Johnson Controls won’t say how much it paid its chief executive for 11 of the months he ran the publicly traded company last fiscal year, taking advantage of a loophole in pay-disclosure regulations.
Alex Molinaroli, who has been CEO of Johnson Controls since 2013 and an employee since 1983, received $46.4 million in compensation from Sept. 2 to Sept. 30, according to documents recently filed with the Securities and Exchange Commission. The documents omit what he made for the rest of the company’s fiscal year.
Johnson Controls Inc. merged with Tyco International PLC on Sept. 2, creating a conglomerate renamed Johnson Controls International PLC that sells everything from smoke alarms to car doors.
The SEC doesn’t require a company to disclose what its top executives were paid by a firm before it disappears or becomes a subsidiary in a merger.
“SEC rules do not call for the company to file additional information about Mr. Molinaroli’s compensation before the merger with Tyco, which we did not,” spokesman Fraser Engerman wrote in an email. “All SEC guidelines were followed in the formation of our proxy.”
Even as the economy continues to improve, student loan borrowers are still struggling to cope with their debts, a new analysis indicates.
Roughly 1.1. million borrowers entered default on their Direct Loans, a type of federal student loan, last year, about the same as the previous year, according to an analysis of publicly available government student loan data by Rohit Chopra, a senior fellow at the Consumer Federal of America, a network of more than 250 nonprofit consumer groups. Overall, there were 4.2 million borrowers in default in 2016, up 17% from 3.6 million the year before, as some borrowers exited default while others remained in the red.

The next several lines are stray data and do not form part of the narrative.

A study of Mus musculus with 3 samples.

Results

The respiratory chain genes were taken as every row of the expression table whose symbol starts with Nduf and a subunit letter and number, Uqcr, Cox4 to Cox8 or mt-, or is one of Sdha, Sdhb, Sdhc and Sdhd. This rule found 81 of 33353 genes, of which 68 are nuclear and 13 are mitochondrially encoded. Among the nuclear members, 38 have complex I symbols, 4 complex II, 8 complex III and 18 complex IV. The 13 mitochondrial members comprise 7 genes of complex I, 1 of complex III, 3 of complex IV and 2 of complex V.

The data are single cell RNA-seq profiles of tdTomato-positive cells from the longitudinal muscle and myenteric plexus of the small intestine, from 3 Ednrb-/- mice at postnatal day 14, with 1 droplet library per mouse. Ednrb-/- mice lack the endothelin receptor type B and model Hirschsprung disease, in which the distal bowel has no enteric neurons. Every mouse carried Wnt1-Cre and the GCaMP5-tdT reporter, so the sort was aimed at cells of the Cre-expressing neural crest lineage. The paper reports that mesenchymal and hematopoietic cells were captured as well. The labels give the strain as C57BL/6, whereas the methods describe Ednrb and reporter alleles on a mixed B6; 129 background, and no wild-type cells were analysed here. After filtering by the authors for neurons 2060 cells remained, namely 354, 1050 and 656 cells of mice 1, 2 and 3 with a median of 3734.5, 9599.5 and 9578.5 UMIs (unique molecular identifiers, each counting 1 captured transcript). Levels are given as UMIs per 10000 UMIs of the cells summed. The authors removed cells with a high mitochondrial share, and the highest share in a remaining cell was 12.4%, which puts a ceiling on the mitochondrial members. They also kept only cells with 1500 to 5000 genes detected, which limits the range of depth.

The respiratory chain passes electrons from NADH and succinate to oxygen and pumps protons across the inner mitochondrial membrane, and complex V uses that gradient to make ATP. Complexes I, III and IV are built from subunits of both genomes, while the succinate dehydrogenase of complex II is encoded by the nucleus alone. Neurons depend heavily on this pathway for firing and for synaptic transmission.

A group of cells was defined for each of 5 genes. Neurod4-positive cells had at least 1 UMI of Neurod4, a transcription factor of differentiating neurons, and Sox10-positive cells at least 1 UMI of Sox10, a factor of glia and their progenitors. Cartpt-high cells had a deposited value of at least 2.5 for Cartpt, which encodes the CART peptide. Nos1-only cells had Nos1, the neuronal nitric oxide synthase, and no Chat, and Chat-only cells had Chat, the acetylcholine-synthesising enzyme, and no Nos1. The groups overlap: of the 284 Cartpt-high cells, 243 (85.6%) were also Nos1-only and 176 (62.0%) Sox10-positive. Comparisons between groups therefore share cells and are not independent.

The analysis likely underestimates the number of federal student loan borrowers in default as it doesn’t account for borrowers who are in default on types of federal student loans other than Direct Loans.
Experian, one of the nation’s three major credit reporting bureaus, misled consumers by telling them that the credit scores they purchased from the company were the same ones that lenders used to make credit decisions, the Consumer Financial Protection Bureau said Thursday.
And for that deception, the CFPB is fining Experian $3 million.
According to the CFPB, Experian developed its own proprietary credit scoring model, which it calls the “PLUS Score.” Experian then took that “PLUS Score” and applied it to information in consumer credit files to generate a credit score it offered directly to consumers.